SPEECHES & TESTIMONY

Statement of CFTC Commissioner Brian Quintenz on the Amendment to Comparability Determination for Japan: Margin Requirements for Uncleared Swaps for Swap Dealers and Major Swap Participants

March 26, 2019

I support the expansion of the Commission’s 2016 Margin Comparability Determination for Japan (Determination).[1]  I am pleased that the amendments to the Determination adopted by the Commission today apply an outcomes-based approach to substituted compliance and recognize the discretion of Japanese financial regulators to implement reforms consistent with the G-20 framework in a manner suited to their local markets.  Moreover, the expanded Determination is appropriately deferential to our counterparts in Japan, who have already found CFTC margin regulations to be comparable to their own.

In the past, overly narrow comparability determinations have sometimes required Commission staff to provide additional no-action relief to address relatively minor differences between regimes.  For example, after the 2016 Japan Determination was issued, swap dealers requested relief from the requirement to post and collect variation margin on a T+1 timeframe with certain counterparties.[2]  Instead of the T+1 standard, these firms requested a T+3 standard, in order to accommodate the use of Japanese Government Bonds (a very common form of collateral in Japan), which settle in two or three days.  The relief was needed in order to allow swap dealers to continue transacting with smaller Japanese counterparties.  I am pleased that under the comprehensive Determination issued today, further no-action relief will not be necessary because the Determination appropriately accounts for swap dealers’ various types of counterparties and the timing of collateral exchanges.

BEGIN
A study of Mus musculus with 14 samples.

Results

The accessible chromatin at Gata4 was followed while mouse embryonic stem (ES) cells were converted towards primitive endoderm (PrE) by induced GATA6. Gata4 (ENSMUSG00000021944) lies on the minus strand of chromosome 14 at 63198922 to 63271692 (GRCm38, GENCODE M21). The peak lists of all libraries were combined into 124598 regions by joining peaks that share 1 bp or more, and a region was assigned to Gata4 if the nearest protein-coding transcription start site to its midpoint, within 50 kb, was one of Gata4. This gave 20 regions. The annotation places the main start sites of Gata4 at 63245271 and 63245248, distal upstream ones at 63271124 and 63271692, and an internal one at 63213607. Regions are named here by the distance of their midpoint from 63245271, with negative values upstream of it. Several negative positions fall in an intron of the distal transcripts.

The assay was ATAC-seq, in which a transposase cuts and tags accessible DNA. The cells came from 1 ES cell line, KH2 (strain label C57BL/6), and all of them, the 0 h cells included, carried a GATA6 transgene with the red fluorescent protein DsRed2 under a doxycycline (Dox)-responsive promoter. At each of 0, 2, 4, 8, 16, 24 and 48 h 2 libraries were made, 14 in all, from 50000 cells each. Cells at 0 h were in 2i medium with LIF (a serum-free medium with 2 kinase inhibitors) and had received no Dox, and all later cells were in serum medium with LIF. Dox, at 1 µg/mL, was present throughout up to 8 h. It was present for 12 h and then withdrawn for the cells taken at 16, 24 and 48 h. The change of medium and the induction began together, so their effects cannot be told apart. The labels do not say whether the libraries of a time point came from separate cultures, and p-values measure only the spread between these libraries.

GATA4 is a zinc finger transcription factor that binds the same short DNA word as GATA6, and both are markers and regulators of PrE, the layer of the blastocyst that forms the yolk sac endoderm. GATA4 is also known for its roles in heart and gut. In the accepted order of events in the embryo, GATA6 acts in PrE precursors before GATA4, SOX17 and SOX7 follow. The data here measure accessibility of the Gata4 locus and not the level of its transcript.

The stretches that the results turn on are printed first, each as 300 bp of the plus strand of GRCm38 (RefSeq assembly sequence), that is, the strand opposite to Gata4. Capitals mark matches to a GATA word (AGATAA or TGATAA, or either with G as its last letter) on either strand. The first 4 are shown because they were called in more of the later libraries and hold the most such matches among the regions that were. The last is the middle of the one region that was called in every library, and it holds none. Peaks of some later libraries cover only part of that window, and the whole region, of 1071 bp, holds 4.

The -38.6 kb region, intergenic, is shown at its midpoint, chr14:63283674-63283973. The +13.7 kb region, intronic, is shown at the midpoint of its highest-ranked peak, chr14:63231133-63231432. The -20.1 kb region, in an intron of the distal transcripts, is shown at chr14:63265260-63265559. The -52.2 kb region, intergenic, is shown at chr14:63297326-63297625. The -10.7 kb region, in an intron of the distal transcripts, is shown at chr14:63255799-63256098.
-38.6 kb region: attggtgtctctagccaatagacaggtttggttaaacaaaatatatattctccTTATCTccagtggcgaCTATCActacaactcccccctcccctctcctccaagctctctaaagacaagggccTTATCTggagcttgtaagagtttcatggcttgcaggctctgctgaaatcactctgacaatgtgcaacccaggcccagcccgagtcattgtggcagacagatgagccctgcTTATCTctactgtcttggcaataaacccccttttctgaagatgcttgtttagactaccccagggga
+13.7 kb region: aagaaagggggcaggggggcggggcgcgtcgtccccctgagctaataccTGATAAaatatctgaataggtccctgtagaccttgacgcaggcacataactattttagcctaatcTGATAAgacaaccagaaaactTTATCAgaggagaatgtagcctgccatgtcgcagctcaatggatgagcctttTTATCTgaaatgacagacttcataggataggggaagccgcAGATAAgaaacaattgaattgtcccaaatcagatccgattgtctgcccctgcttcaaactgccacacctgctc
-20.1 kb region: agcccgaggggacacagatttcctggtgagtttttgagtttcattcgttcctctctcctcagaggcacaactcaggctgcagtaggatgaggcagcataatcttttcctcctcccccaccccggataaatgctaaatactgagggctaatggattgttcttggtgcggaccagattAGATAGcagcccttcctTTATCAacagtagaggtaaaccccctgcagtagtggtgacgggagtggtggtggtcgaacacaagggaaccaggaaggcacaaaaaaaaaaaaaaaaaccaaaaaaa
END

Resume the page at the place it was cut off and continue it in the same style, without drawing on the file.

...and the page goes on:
It is also important to note that while the Determination is deferential to the approach taken in Japan, it limits the flow of risk back to the United States.  This is because under the Commission’s Cross-Border Margin Rule, when a U.S. swap dealer enters into an uncleared swap with a Japanese swap dealer or end-user, it is required to collect initial margin and variation margin must be exchanged.  In the case of uncleared swaps between affiliated U.S. and non-U.S. swap dealers, variation margin is always required.  Moreover, the Commission will continue to work closely with the Financial Services Agency of Japan to coordinate our supervision and oversight of regulated entities that operate on a cross-border basis in both the United States and Japan.[3]

I would like to thank the staff of the Division of Swap Dealer and Intermediary Oversight for their hard work in issuing today’s amended Determination.  I would also like to compliment Chairman Giancarlo for his leadership on the cross-border regulation of the global swaps market.  The Chairman has presented a vision for cross-border regulation grounded in deference and recognition that many of our global counterparts have implemented post-crisis reforms comparable to our own.  I strongly support this vision and believe it is essential to maintaining a liquid, competitive global swaps market and avoiding regulatory-driven market fragmentation.

 

[1] Comparability Determination for Japan:  Margin Requirements for Uncleared Swaps for Swap Dealers and Major Swap Participants, 81 Fed. Reg. 63376 (Sept. 15, 2016).

[2] CFTC Staff Letter No. 17-13, Commission Regulation 23.153: Time-Limited No-Action Position for the Timing of the Posting and Collection of Variation Margin from Certain Counterparties Operating in Japan (Feb. 23, 2017), https://www.cftc.gov/sites/default/files/idc/groups/public/@lrlettergeneral/documents/letter/17-13.pdf.

[3] Memorandum of Cooperation Related to the Supervision of Cross-Border Covered Entities (March 10, 2014), https://www.cftc.gov/idc/groups/public/%40internationalaffairs/documents/file/cftc-jfsamoc031014.pdf.